A new report reveals the high-tech industry is enjoying a job growth rate nearly four times faster than the national average since the employment low point experienced in February 2010 (5.1 vs. 1.4 percent).

Released by Jones Lang LaSalle (JLL), the inaugural High-Technology Industry Report provides an overview of the impact high-tech growth is having on office space supply, demand and pricing conditions by looking at 18 U.S. markets.

The rapid growth in the high-tech sector can be attributed to "a combination of consumers' unquenched demand for new technology, and businesses' application of new technologies, such as cloud computing," explains the report.

Highlights of the document include:

  • High-tech strength is impacting office markets across the country with San Francisco, Silicon Valley and newcomer Baltimore experiencing the strongest growth. NewYork City and Seattle round out the top five strongest high-tech markets. (In particular, Baltimore is "hot" due to the influx of high-tech tenants moving there to serve the federal government via the Defense Information Systems Agency at Fort Meade.)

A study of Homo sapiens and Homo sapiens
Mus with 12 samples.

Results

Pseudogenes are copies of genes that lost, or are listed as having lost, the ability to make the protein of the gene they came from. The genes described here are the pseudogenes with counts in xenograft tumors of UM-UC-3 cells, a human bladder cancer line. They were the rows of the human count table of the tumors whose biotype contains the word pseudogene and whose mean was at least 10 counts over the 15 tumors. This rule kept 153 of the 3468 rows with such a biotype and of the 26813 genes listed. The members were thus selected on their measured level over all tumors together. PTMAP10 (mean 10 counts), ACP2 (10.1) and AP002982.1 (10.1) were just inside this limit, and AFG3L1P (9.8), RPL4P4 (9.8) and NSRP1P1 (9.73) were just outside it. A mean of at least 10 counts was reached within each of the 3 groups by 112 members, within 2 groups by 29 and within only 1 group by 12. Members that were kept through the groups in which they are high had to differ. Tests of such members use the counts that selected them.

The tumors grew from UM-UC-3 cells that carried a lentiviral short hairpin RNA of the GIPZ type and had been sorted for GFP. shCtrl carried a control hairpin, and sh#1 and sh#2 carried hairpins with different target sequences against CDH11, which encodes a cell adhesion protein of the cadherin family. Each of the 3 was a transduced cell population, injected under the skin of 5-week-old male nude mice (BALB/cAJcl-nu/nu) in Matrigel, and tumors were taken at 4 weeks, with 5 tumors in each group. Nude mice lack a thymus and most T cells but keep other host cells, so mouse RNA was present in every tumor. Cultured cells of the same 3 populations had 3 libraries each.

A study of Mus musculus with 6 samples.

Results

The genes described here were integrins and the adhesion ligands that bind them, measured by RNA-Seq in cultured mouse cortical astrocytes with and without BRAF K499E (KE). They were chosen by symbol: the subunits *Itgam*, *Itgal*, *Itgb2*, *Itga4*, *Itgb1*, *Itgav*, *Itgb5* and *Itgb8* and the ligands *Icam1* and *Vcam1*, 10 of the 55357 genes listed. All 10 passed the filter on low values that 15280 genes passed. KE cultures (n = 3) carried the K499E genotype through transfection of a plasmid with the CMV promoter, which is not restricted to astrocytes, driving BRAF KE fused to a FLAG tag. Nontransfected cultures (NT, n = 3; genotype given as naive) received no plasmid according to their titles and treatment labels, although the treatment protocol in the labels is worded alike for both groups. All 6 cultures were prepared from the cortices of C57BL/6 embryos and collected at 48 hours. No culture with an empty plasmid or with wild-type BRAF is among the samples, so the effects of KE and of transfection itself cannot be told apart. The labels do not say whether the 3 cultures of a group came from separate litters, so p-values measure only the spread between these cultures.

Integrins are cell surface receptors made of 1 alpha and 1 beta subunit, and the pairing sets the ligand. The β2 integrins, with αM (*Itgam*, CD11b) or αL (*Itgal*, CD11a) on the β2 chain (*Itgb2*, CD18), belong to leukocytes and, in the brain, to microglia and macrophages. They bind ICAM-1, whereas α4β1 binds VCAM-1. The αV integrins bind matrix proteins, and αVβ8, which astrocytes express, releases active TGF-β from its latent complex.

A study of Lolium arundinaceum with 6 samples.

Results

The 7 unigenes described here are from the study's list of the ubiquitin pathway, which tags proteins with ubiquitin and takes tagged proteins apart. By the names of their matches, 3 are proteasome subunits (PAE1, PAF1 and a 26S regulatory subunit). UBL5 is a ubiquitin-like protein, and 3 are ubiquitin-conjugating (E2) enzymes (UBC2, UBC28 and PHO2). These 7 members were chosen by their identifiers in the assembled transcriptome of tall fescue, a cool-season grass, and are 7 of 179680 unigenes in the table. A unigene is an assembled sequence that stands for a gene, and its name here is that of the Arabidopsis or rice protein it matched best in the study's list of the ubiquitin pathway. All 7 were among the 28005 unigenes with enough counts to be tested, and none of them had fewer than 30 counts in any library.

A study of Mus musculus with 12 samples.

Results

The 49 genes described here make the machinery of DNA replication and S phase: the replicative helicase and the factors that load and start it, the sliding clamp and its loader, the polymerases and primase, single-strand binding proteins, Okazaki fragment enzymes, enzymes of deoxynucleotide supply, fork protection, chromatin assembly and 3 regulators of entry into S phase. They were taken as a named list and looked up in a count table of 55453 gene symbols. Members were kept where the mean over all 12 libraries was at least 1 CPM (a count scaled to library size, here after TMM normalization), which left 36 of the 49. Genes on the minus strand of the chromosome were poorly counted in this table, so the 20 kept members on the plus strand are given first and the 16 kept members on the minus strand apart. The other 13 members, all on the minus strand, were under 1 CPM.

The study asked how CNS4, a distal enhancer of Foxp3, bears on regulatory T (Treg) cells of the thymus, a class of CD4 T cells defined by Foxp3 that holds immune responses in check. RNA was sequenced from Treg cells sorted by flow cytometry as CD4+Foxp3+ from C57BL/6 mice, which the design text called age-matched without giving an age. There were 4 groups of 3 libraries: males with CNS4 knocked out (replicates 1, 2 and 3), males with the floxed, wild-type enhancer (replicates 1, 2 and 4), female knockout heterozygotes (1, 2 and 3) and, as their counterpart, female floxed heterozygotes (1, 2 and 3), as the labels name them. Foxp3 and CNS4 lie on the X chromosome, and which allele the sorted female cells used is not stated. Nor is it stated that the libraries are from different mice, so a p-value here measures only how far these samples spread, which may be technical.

• The high-tech growth cycle seems to be in the early stages, with lots of "running room ahead for more hiring." Data indicates this cycle is vastly different from the tech boom of the late 1990s.

  • Of the over half million office-using jobs created nationally since February 2010, 127,000 jobs of them (25 percent) were in high-tech services; a fact illustrating the high-tech sector's rapid growth rate.

  • Over the past four quarters, high-tech has made up 50 percent of total venture capital funding. Biotechnology and medical devices combined comprise 25 percent.

  • A national office market recovery is underway with established high-tech clusters substantially outperforming other areas of the office sector by recording strong rent growth, the highest net absorption levels, and diminished space availabilities.

"Consumer demand for gadgets, apps and new forms of media, coupled with businesses' technological needs, are what's driving high-tech employment," says Colin Yasukochi, JLL's director of research, NW Region. "Employment in the high-tech sector is a bright spot in an otherwise gray economic picture. "

The JLL report also found that "rising venture capital and initial public offering (IPO) activity is fueling key rapid evolution and growth segments of the high-tech industry." Moreover, the services sector (excludes manufacturing aspects of the high-tech industry) has the greatest direct impact on office space demand--and is growing even faster at 5.9 percent.

Looking forward, "tenants could face a period of significantly decreased leverage by the late 2013/early 2014 timeframe should the current economic recovery regain strength and broaden to include more industries important to office demand creation," predicts the report.